Preseason All-Big Ten team: Penn State's backfield, Ohio State's defense lead way


After sorting through a handful of tough decisions, here are our picks for the league's best lineup.


QB Trace McSorley, Penn State: Thanks to a stellar performance in the Rose Bowl and the promise of more to come, McSorley just edges out Ohio State's J.T. Barrett. The Buckeye captain will have a chance to make up ground at the helm of an offense that should now move as fast as McSorley’s.

RB Saquon Barkley, Penn State: The junior star might be the most explosive player in the country this season, let alone the conference. His off-the-charts lower body strength and good vision help Barkley turn routine plays into highlight-reel moments.

RB Justin Jackson, Northwestern: No shortage of options at running back in the Big Ten again, but Jackson gets the nod here over the likes of Akrum Wadley, Mike Weber and LJ Scott because of his long track record of success.

WR Nick Westbrook, Indiana: Westbrook and Simmie Cobbs give the Hoosiers the best established pair of receivers in the conference this season after a lot of turnover at the position. Westbrook came up just shy of 1,000 receiving yards in 2016 and has as good a shot as anyone to top that mark this fall.

WR Malik Turner, Illinois: Turner caught 48 passes for 712 yards last season despite the injury bug biting the Illini quarterbacks. The receiver position on this list is wide open, so don't be surprised if a new face (like Turner's teammate Mike Dudek) quickly works himself into the conversation here.

TE Troy Fumagalli, Wisconsin: After posting comparable stat lines last season, Fumagalli barely nudges out Penn State's Mike Gesicki for this spot. They both have the potential to end the season as Mackey Award finalists, but Fumagalli got the edge here because of how big of a role he'll play in Wisconsin's passing game.

OT Mason Cole, Michigan: Cole appears to be bumping back out to the edge of the line after spending a season at center. The three-year starter and captain is the Wolverines' most versatile and athletic lineman.

OT Nick Gates, Nebraska: Gates returns to Lincoln with 23 starts under his belt to lead an offensive line that allowed only 15 sacks last season, the best mark in the Big Ten.

OG Sean Welsh, Iowa: Welsh has missed only one game since taking the field for the Hawkeyes as a redshirt freshman in 2014. The senior has been a consistent force for a consistent group.

OG Beau Benzschawel, Wisconsin: It wouldn't be right to put together an All-Big Ten line without at least one Badger. Benzschawel (6-foot-6, 317 pounds) is a worthy addition to the list after starting all 14 games at guard last season.

C Billy Price, Ohio State: Last season the Buckeyes moved Pat Elflein from guard to center and he won the Rimington Award. Price, an All-American guard as a junior, has the potential to follow the same path.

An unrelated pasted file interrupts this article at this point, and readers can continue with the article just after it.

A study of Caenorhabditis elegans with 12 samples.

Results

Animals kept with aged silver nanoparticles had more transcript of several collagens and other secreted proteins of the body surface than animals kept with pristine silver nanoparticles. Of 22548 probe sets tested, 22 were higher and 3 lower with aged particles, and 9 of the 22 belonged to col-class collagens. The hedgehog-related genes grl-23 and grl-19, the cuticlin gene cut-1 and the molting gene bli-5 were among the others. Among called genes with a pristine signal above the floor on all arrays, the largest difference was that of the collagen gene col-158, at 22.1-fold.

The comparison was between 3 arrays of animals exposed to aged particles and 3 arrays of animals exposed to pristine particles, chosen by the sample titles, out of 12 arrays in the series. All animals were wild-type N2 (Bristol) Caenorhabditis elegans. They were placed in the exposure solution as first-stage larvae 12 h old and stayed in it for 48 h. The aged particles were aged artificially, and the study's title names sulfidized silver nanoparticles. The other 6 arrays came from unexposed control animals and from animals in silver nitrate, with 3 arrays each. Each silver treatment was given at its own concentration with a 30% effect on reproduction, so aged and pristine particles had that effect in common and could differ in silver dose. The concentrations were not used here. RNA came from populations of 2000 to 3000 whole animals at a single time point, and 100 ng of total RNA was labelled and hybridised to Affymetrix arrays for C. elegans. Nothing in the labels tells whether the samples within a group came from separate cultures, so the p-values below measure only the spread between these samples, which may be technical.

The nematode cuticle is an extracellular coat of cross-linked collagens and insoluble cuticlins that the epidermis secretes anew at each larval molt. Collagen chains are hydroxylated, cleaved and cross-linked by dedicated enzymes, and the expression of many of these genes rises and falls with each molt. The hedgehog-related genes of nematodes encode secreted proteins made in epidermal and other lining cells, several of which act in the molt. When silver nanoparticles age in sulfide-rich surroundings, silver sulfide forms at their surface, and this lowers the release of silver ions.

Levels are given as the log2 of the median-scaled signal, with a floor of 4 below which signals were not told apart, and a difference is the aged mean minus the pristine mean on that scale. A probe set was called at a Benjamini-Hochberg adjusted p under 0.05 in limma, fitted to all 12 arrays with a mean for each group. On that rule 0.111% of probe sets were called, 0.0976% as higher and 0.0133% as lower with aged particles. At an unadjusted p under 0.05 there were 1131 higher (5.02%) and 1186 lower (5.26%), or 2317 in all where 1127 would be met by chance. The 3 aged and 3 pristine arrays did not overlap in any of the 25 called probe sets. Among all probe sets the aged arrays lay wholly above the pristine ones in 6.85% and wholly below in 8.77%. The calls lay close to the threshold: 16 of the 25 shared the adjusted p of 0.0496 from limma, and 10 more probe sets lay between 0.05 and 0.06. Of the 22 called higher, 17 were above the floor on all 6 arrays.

DE Tyquan Lewis, Ohio State: The reigning Big Ten defensive lineman of the year is a versatile cornerstone of what could be the deepest defensive line in the nation this season. He had eight sacks last season.

DE Sam Hubbard, Ohio State: There is no shortage of options for the Buckeyes here, but we'll go with Hubbard over budding sophomore Nick Bosa (a freshman All-American in 2016) because of his athleticism and his ability to keep offenses guessing.

DT Maurice Hurst, Michigan: Perhaps the most explosive interior player in the conference this season, Hurst and sophomore Rashan Gary will give a lot of offensive lines headaches when they set up next to each other.

DT Steven Richardson, Minnesota: The senior had 11 tackles for loss and seven sacks while serving as the foundation of the Gophers defensive line last season. He'll be the leader of that group again this season.

LB Josey Jewell, Iowa: Speed, power and 124 tackles last season made Jewell an obvious pick. He'll be the linchpin of a strong front seven.

LB Tegray Scales, Indiana: No player in the country was more disruptive than Scales last season with his 23.5 tackles for loss. The senior is back after thriving in Tom Allen's system.

LB Jerome Baker, Ohio State: Baker might be the best athlete on this loaded defense. He has a penchant for making big plays when they're needed.

S Marcus Allen, Penn State: Allen has become the emotional leader of Penn State's defense after recording a team-high 110 tackles in 2016. He leads a young secondary that could have a big impact on the conference championship race.

S Godwin Igwebuike, Northwestern: One of the country's top open-field tacklers, Igwebuike is back for his senior season. He had 108 tackles as a junior.

CB Rashard Fant, Indiana: The Georgia native broke up 39 passes over the past two seasons. Sooner or later, quarterbacks are going to stop looking his way.

CB Denzel Ward, Ohio State: Ward and company have to help replace three high NFL draft picks from the defensive backfield. As part of a three-man rotation at cornerback in 2016, he has the experience and the potential to follow in the footsteps of his former teammates.

Special Teams

K Emmit Carpenter, Minnesota: Carpenter missed only two field goals last season and made all 10 of this tries from 40 yards or longer. He'll have a good chance to repeat as the conference's kicker of the year in 2017.

P Blake Gillikin, Penn State: As a freshman, Gillikin averaged 42.8 yards per punt last season, earning a spot on our Freshman All-America team. His four kicks in the Rose Bowl went for an average of 50.8 yards.

KR/PR Janarion Grant, Rutgers: Grant missed most of last season after breaking his ankle in September, but returns as one of the best all-purpose players in the country. He is one touchdown away (he has eight) from tying an NCAA record for most combined scores on kick and punt returns.